BurnWorld.com: Solid State Drives & Hard Disk Drives Compared

Solid State Drives & Hard Disk Drives Compared

by Rob Boirun for BurnWorld.com

As evidenced by the fact that SSDs are rapidly becoming more and more prevalent amongst viable options for storage devices, they need no longer be relegated to the “it’s nice, but not for me” section of the proverbial computer hardware store.

SSDs and the technology behind them have come forward in leaps and bounds over the last year or two, pushing them well up the ranks and getting consumers to sit up and take notice (with many already opting to make use of balance transfers to acquire this new technology) – SSDs are no longer just a gimmick, but a powerful alternative to the standard HDD that we have all come to know and love. Here’s a small comparison of some key features that both the drives share:

A Brief Introduction

Now, we know a little about SSDs, or Solid State Drives, and not only does the name sound great, but the technology behind it is rather enabling and fascinating in its own right. Already, one will notice a stark difference between the two, in that SSDs use solid state memory (a fact made fairly obvious by the name) and contain no moving parts, unlike the more commonplace HDD with its moveable heads and constantly spinning disks – thus leading to SSDs maybe having an acoustic advantage over the HDDs by having a lower operating noise, but at the end of the day, that’s hardly the most important thing going here.



  1. Regarding SSD vs HDD –
    An SSD drive uses about 1/10th the power of a traditional platter type hard drive.
    It is not subject to damage caused by a spinning platter that is shocked by dropping and thus the risk of bad sectors developing is zero.

    An SSD drive also reads information at a significantly higher rate than a normal HDD.
    The downside is that because of the way SSD’s write information for storage, a traditional HDD is generally faster.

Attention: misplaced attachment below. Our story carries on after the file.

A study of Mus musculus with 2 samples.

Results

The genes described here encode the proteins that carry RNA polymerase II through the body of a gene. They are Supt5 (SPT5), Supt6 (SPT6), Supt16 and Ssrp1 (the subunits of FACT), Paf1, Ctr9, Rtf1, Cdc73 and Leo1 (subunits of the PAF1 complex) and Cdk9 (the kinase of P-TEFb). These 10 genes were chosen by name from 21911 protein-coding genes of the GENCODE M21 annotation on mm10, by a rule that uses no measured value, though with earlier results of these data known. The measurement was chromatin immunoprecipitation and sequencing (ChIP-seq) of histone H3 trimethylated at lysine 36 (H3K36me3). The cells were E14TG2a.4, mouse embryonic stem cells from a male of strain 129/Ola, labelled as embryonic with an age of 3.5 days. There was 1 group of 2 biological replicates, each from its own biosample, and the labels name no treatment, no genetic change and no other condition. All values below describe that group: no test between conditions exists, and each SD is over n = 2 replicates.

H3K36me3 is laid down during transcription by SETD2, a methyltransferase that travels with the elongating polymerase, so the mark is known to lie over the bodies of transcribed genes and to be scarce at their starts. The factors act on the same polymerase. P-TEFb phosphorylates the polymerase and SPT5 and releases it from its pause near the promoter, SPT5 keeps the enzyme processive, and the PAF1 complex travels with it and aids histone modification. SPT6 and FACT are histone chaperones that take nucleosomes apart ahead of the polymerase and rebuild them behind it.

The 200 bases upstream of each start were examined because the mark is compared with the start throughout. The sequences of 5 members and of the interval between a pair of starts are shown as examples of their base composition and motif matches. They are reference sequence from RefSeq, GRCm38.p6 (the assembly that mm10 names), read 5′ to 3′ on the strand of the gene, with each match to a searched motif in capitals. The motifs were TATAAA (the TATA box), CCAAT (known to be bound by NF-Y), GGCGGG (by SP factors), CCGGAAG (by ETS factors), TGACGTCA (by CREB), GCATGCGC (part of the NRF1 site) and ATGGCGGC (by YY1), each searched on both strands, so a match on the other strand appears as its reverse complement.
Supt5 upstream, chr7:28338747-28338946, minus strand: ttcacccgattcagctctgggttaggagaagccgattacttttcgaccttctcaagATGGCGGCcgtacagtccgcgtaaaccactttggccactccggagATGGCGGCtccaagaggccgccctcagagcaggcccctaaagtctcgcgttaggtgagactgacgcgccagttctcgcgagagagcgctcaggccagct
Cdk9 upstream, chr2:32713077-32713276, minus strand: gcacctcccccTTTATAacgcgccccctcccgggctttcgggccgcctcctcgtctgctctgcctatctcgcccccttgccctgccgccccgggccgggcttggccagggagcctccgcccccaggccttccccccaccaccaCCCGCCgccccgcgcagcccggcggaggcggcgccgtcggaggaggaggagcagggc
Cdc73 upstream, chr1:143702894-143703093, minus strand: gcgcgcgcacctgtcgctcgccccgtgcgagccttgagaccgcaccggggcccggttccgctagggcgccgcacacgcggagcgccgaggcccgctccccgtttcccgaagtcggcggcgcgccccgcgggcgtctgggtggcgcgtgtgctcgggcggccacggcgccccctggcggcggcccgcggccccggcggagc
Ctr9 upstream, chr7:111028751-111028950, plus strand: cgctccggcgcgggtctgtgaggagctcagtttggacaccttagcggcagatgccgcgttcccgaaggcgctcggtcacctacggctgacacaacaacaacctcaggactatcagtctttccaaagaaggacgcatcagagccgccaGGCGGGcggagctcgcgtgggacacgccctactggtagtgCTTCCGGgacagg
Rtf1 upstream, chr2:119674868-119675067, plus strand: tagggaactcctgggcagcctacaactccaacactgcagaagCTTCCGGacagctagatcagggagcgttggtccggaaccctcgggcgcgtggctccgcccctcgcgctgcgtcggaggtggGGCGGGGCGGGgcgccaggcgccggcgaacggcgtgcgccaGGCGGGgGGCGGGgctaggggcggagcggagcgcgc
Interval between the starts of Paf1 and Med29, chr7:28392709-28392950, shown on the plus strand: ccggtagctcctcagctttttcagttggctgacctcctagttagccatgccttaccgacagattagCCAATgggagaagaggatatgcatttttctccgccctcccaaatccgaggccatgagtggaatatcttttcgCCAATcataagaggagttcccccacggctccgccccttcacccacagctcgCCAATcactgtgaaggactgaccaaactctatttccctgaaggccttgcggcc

SSD’s are far lighter than normal hard drives too.

    This makes them ideal for use in laptops and similar. Even though a normal hard drive doesn’t weigh a lot, it does add additional weight and structural strengthening to hold the drive in place.

    For real computer use (AKA desktop), an SSD can reduce not only power consumption, computer weight, computer size, and noise, it also reduces heat generated.

    Four SSD drives used in a RAID array still weigh far less than a single hard drive and offer tremendous speed advantages especially in a RAID zero configuration.

    The biggest downfall for SSD drives is the fact that they need TRIM to keep them optimal.

    At present, even though Linux operating systems offer a very basic (AKA LAME) TRIM ability, you would be stuck using at least Windows 7 or newer to do the job properly.

    Ideally, manufacturers should have built in auto-trim to eliminate this restriction.

    Now for the bad news –
    Eventually, probably within the next 5-10 years, everyone won’t need a PC. Everything will be in the ‘Cloud’. Someone else will have total access to your data. You will be forced to pay for access and use of your own data.

    If you want extreme speed, far faster than ANY storage drive, you need to make and use a RAMDRIVE. You have near instant reads and writes. Downside is a power failure – you lose what is in the drive so a storage device will be needed to save anything.